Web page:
Welcome back! This week we’re looking at the qualities of Major, a soft, bulky yarn by Universal Yarn and its strongest attributes. These should make any knitter excited about casting on with it.

Major is a soft, colorful bulky yarn that knits up into warm winter items with ease and speed.
Introducing Russet, a calming colorway of Major yarn.

 

Major is a bulky weight yarn that knits up at around 15 stitches to 4″ [10cm]. The recommended needle size is a US 10 [6mm] but you could use a size or 2 smaller or larger depending on the drape you want to achieve. This substantial 7oz [200g] ball comes in 30 different colorways, which guarantees that every knitter or knitwear recipient will find a color for them from this palette.

The yarn is 100% acrylic, so it’s great for those who are allergic to animal dander and lanolin, and those who just don’t want to invest a lot of time in hand-washing their sweaters or scarves or hats, or whatever lovely items they make out of Major.

This large ball of Major yarn has lots of colorful, soft goodness that is easy to care for.
This large ball of yarn has lots of colorful, soft goodness that is easy to care for.

 

The structure of Major consists of 2 individual plies of spun fiber that is space-dyed with a series of colors that gradually transition from one to the other and cycle through a 3- or 4-color sequence. In the skein that I received to review, the one ply consisted of a terracotta red, a mocha brown, and a camel beige. The other ply was mostly cream.

At first I thought it was only cream, but as I knit with it, I discovered that at times it transitioned to a lighter version of the camel beige and even had some segments of the terracotta in it. The marled plies (or barber pole, as I like to call it) allow for gradual striping and a built-in tweedy look.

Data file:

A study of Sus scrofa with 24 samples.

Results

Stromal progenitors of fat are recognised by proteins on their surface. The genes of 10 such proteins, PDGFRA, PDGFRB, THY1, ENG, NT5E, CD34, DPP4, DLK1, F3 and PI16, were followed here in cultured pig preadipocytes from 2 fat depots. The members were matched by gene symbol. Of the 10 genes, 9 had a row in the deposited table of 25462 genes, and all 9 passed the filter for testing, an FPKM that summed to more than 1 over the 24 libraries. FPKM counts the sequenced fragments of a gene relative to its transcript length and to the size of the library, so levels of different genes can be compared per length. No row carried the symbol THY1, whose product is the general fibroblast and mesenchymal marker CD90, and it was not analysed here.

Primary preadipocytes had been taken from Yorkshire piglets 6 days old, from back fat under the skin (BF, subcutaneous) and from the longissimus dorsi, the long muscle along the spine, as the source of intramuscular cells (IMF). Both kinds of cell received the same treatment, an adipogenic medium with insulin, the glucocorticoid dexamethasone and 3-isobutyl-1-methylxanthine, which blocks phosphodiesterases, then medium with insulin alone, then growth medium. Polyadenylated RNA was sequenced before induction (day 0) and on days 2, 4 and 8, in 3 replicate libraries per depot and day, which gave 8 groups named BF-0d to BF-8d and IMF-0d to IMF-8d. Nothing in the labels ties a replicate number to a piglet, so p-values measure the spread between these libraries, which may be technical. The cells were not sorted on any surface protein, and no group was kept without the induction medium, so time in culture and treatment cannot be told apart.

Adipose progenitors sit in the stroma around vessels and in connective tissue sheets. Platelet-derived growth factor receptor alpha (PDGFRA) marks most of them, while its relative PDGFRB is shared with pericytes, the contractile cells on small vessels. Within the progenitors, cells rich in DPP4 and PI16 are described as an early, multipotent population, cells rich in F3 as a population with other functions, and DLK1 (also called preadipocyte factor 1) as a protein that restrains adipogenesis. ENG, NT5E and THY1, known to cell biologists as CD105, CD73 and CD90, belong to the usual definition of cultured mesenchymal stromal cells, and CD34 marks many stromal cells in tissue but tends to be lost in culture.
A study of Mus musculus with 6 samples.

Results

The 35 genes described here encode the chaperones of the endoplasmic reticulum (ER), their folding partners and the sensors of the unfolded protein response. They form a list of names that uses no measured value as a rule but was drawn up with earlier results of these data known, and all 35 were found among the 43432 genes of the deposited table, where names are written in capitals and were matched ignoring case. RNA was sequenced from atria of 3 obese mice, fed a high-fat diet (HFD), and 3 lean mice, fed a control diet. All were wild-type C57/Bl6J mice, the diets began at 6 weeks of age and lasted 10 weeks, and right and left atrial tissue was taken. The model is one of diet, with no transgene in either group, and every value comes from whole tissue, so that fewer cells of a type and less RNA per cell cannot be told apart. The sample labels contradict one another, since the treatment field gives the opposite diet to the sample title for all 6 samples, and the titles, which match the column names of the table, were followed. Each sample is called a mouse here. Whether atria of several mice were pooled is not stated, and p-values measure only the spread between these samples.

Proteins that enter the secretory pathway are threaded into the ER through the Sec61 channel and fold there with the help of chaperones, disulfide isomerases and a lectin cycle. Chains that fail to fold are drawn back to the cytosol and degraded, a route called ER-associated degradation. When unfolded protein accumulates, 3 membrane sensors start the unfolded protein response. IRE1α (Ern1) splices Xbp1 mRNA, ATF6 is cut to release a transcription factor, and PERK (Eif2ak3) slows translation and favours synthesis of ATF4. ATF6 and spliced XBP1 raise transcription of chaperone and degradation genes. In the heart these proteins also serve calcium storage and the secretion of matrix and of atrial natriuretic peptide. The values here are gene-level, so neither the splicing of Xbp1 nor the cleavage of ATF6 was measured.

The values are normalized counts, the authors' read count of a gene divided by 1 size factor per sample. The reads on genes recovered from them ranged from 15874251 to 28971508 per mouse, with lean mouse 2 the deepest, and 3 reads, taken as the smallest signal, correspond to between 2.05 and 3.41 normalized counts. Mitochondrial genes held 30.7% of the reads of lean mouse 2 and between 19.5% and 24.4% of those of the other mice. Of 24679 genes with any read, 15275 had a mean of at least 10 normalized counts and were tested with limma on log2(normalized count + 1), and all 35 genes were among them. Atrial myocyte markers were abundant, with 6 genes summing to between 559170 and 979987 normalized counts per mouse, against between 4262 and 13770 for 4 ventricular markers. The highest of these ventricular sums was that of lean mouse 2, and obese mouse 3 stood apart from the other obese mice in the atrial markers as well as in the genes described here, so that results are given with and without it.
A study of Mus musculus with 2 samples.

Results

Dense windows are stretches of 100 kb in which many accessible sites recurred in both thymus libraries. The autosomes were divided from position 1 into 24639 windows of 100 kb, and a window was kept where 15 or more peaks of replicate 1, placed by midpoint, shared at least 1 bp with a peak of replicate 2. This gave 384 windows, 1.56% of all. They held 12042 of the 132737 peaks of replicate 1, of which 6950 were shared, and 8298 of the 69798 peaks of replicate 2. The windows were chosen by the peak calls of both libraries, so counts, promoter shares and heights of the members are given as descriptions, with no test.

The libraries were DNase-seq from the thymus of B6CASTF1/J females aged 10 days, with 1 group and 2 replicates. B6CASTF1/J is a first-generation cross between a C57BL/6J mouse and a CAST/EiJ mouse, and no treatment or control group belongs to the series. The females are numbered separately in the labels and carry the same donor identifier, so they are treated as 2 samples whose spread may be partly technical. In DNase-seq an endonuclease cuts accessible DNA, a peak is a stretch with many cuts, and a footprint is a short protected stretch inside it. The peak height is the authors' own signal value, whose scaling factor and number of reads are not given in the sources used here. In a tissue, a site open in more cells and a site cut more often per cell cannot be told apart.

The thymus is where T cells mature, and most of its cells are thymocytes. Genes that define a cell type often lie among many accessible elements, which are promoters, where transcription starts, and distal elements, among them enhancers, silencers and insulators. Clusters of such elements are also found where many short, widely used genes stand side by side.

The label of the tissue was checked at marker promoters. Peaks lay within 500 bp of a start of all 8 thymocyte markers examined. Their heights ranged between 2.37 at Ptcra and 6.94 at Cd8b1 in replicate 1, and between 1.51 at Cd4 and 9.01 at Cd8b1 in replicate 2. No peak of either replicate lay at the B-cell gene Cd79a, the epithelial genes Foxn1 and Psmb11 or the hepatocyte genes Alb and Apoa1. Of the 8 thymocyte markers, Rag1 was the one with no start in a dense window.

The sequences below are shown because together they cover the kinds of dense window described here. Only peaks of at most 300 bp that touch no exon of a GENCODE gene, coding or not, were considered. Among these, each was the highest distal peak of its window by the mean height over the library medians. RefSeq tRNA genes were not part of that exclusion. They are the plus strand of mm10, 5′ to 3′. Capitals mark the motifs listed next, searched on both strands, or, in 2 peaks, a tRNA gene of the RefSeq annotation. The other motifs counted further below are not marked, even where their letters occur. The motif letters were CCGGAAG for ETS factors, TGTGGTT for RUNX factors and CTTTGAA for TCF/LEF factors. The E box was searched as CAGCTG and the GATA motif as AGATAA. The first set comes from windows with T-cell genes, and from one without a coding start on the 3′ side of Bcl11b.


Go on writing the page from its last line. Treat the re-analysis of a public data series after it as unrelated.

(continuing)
The colors of Major transition gradually from one to another and the marl twist creates a tweedy, luxurious look.
The colors of Major transition gradually from one to another and the marl twist creates a tweedy, luxurious look.

 

I found that this variety of acrylic isn’t squeaky while knitting, and has a very soft hand to it. The twist isn’t too tight, so there’s a lot of loft in the yarn itself, and also in the fabric when I knit it to the recommended gauge. Over the next few days, I’ll share my experience swatching and designing with Major.

 

This is part 1 of 5 in this series.

Go to part 2: Should you hand-wash acrylic knits?

About Charles Voth

I’m Charles Voth, a crochet and knitting professional. I enjoy reviewing yarns and tools to help others find materials that will help them be happy with what they stitch. I design garments and accessories and items for the home. I teach both crafts at yarn stores, in schools, and at craft shows and retail events. I am also a technical editor of both crochet and knitting patterns and illustrate the charts and diagrams that make pattern reading accessible to so many.